Chances of Cancer From Barrett's Esophagus
Many people wonder, "What are the chances of cancer from Barrett's esophagus?" The change from Barrett's esophagus to esophageal cancer occurs in less than 1 percent of patients. However, these chances are still 30 to 125 times higher than the rate seen in people who do not have Barrett's esophagus.
It is estimated that about 700,000 people in the United States have Barrett's esophagus. Each year, about 10,000 to 15,000 people with Barrett's will be diagnosed with a rare but deadly type of esophageal cancer called esophageal adenocarcinoma. It is, therefore, natural for people learning about Barrett's esophagus to wonder, "What are the chances of cancer from Barrett's esophagus?"
The process of change from Barrett's to esophageal cancer seems to happen in only a few patients, less than 1 percent (0.4% to 0.5%) per year, and over a relatively long period of time. This is still a rate that is 30 to 125 times higher that the rate in people without Barrett's esophagus.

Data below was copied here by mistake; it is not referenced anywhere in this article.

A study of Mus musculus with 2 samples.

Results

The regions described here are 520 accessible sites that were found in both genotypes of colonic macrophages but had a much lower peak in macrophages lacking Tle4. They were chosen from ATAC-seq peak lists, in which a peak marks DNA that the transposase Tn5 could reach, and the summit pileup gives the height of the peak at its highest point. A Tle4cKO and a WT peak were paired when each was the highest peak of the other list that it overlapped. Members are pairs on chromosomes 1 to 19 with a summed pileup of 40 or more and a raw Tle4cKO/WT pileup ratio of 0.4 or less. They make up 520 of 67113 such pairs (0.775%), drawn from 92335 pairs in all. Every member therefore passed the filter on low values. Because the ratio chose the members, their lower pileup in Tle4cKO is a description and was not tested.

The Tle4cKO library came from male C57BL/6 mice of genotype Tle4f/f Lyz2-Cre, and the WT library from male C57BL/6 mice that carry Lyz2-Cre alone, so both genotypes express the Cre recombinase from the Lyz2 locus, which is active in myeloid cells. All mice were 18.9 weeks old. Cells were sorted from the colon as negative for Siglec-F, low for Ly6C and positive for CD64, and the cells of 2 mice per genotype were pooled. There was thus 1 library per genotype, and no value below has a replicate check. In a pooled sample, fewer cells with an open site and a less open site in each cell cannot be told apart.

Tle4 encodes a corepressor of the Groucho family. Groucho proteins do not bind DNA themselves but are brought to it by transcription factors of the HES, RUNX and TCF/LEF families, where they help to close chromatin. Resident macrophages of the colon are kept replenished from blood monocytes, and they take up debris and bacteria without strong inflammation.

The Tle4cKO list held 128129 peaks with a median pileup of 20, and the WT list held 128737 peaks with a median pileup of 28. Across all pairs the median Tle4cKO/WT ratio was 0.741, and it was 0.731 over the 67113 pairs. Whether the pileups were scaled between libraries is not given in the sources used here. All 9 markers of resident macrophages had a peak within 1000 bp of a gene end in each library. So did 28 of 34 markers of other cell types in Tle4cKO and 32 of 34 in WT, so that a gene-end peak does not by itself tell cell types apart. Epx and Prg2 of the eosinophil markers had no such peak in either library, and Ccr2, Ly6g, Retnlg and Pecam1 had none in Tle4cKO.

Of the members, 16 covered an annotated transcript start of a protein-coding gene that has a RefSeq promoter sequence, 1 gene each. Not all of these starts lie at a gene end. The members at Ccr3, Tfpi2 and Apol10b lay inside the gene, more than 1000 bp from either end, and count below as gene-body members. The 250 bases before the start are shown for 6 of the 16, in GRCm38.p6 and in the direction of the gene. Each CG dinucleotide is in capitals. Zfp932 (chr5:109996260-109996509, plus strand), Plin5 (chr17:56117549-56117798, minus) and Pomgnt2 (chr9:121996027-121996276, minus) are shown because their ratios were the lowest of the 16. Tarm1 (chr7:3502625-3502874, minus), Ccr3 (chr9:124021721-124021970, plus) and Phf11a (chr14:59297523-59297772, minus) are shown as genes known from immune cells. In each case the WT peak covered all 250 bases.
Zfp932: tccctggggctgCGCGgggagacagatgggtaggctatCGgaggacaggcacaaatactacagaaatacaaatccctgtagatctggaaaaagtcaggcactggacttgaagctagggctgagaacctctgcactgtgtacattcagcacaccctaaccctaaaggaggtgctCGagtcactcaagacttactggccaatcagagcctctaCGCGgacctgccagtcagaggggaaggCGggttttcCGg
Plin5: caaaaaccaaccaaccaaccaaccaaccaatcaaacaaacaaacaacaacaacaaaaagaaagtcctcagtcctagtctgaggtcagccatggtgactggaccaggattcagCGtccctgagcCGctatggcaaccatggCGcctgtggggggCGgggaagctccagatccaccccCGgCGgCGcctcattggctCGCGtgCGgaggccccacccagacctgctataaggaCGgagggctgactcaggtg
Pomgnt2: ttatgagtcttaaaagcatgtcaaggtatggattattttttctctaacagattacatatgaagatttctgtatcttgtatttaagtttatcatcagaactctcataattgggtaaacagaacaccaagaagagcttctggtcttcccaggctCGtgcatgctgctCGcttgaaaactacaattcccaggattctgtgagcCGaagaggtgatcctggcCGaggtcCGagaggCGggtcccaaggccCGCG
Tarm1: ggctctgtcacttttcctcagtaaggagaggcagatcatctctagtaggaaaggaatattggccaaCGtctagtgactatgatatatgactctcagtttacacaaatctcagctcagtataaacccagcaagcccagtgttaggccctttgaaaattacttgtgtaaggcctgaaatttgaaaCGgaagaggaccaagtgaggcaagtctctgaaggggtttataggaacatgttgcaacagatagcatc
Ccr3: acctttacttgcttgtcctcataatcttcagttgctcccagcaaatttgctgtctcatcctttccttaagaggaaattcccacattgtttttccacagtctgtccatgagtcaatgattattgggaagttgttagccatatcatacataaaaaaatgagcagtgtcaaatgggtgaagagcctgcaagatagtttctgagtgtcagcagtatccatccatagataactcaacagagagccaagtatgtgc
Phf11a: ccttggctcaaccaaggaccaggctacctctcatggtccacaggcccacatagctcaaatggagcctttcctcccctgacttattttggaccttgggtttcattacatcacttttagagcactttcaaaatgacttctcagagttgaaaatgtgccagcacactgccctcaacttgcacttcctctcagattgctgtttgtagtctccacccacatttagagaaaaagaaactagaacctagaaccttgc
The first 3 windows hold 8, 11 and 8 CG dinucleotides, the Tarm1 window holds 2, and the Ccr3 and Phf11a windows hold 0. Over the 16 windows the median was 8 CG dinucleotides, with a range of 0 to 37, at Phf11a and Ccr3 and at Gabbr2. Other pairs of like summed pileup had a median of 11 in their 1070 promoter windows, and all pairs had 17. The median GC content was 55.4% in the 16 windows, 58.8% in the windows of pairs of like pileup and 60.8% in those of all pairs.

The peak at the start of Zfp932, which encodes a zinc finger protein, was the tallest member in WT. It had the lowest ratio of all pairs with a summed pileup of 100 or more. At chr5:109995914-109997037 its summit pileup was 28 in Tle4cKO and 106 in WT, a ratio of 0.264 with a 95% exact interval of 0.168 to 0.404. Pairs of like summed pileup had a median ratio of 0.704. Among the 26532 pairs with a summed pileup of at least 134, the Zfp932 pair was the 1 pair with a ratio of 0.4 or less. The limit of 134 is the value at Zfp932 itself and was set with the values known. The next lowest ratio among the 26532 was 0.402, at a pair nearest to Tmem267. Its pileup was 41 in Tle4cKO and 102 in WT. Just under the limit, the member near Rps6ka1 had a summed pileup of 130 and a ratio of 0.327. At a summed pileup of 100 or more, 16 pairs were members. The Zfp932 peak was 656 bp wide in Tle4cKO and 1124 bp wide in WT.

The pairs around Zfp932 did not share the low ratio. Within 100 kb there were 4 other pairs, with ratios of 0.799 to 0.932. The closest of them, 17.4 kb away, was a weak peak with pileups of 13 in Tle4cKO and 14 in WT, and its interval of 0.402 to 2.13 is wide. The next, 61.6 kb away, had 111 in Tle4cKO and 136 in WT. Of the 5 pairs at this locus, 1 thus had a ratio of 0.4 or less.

Despite the fact that the chances of cancer from Barrett's esophagus are relatively low, esophageal adenocarcinoma is often not curable, partly because the disease is frequently discovered at a late stage and because treatments are not effective. Therefore, periodic examinations with an upper endoscopy to look for early warning signs of cancer are generally recommended for people who have Barrett's esophagus. This approach is called surveillance.
(Click Treatment for Barrett's Esophagus for more information about surveillance and other treatment options for Barrett's esophagus.)